Being sick in Korea

So for the past couple of days I have been under the weather. Nothing too serious, seems to be a run of the mill cold/flu. I have been sick in Korea before, but now just seemed the time to write a post on it.

Usually if I have a cold or other sickness coming on Josh will immediately get on me about taking Airborne, which I hate but generally does help. In this instance the Airborne alone wasn’t enough so I did become pretty congested and cough a lot. This afternoon before work Josh and I headed to our local clinic which was about a 4 minute walk. Inside the clinic is a doctor/pharmacist. Now, I don’t know if the guy who works there is an actual doctor as our boss was saying something like he’s in training or had special training in the military…not sure on that but for all intents and purposes he gave me medication so I’m just going to call him a doctor.

The white building on the right is the clinic, this is taken from our balcony so you can see how close it is.

The white building on the right is the clinic, this is taken from our balcony so you can see how close it is.

View of the school from our balcony

View of the school from our balcony

Anyways, the visit with the doctor is pretty informal (not that I ever feel a visit to the doctor it ever formal) but this is just super relaxed. You go see the doctor who is behind a counter and tell him all of your symptoms. Then without even touching you he goes and gets a crap ton of pills for you to take. The first time we went to the clinic I found it to be really strange, but now we are completely used to it. Back home in the States I feel like the doctor’s visit is much more involved. I walk in and wait…and wait, then I have my weight measured on the scale, the nurse takes me to a room where I sit on a table and tell her my symptoms, she asks me a bunch of questions and then takes my temperature, the doctor comes in some time later and asks me about my symptoms again and then examines me…nose, throat, checking for throat swelling, checking lungs and heart. And then he tells me I have a cold and to take Claritin or he writes me a prescription to take to the pharmacy.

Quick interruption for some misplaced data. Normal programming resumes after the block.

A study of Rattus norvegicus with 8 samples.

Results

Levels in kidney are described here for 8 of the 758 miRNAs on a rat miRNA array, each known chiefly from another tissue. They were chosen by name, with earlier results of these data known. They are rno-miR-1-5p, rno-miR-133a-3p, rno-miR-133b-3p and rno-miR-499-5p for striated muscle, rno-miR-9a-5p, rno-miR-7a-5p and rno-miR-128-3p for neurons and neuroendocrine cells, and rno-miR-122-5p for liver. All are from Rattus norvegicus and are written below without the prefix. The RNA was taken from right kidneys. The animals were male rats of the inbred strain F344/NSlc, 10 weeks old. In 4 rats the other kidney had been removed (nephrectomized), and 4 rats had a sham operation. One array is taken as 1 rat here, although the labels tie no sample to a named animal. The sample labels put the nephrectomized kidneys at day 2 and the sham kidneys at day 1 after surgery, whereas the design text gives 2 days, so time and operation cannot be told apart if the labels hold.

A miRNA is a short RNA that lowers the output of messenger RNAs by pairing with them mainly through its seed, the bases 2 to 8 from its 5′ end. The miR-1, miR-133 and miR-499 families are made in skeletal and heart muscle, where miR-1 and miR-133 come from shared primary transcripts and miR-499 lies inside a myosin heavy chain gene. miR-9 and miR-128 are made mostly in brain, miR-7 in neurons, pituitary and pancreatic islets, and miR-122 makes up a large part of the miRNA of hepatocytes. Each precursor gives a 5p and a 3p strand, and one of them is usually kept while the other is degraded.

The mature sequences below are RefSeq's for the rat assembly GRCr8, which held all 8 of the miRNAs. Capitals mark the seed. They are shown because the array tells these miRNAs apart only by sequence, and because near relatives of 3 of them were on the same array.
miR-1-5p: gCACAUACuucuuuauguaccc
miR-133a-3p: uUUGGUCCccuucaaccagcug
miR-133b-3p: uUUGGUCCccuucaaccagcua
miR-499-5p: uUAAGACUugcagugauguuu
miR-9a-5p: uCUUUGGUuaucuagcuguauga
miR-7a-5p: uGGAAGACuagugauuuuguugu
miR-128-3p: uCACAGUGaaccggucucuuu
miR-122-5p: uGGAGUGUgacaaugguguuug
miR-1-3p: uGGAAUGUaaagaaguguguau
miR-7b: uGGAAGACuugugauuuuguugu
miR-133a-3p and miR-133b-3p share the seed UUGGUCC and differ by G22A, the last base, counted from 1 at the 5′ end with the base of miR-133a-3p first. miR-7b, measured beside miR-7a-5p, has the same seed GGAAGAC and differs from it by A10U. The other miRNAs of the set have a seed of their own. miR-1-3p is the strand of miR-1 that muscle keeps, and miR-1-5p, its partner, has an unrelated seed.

In Korea at our local clinic the experience is quite different. We walk in, tell the doctor our symptoms and he goes and gets pills to give us. And that’s that…no checking or anything. And for every symptom you have you are given a pill to take. In the States when I am sick enough to visit a doctor I’m used to being prescribed one maybe two pills to take. In Korea it is the opposite, Josh and I have been given packets of pills that have had as many as 5 pills to take at one time for three times a day totaling about 15 pills/day.

Pills for a cold. Apparently I have 2 pills for muscle pain and sore throat which last 6-8 hours as needed and 11 pills/day for nasal congestion and cough.

Pills for a cold. Apparently I have 2 pills for muscle pain and sore throat which last 6-8 hours as needed and 11 pills/day for nasal congestion and cough.

Another key difference here in Korea is price, for a visit to the doctor back home it would cost me about $20 for my visit (with health insurance) plus about $10 if I needed to pick up a prescription. Here in Korea I just paid ₩1,100 won which is about $1, which covers the visit and the massive amount of pills.

After visiting the clinic, Josh and I headed into work which was a non-teaching day since it is Winter Examinations here in Korea. Since we are an English program and don’t teach at an actual day to day school all the teachers had a day to work on other projects (we make the textbooks each year) or fiddle around on the internet. After about 20 minutes at work our boss came into the teachers room, yelled out my name and then stared at me for a solid minute without speaking (I know I exaggerate alot…but he really did stare at me for a full minute…in front of all the teachers…without saying anything). Apparently I looked horrible so he told me to go home, take a nap and come back in three hours.

So I am currently at home sitting in bed with two directional heaters facing me, getting ready for my first mandatory nap since preschool.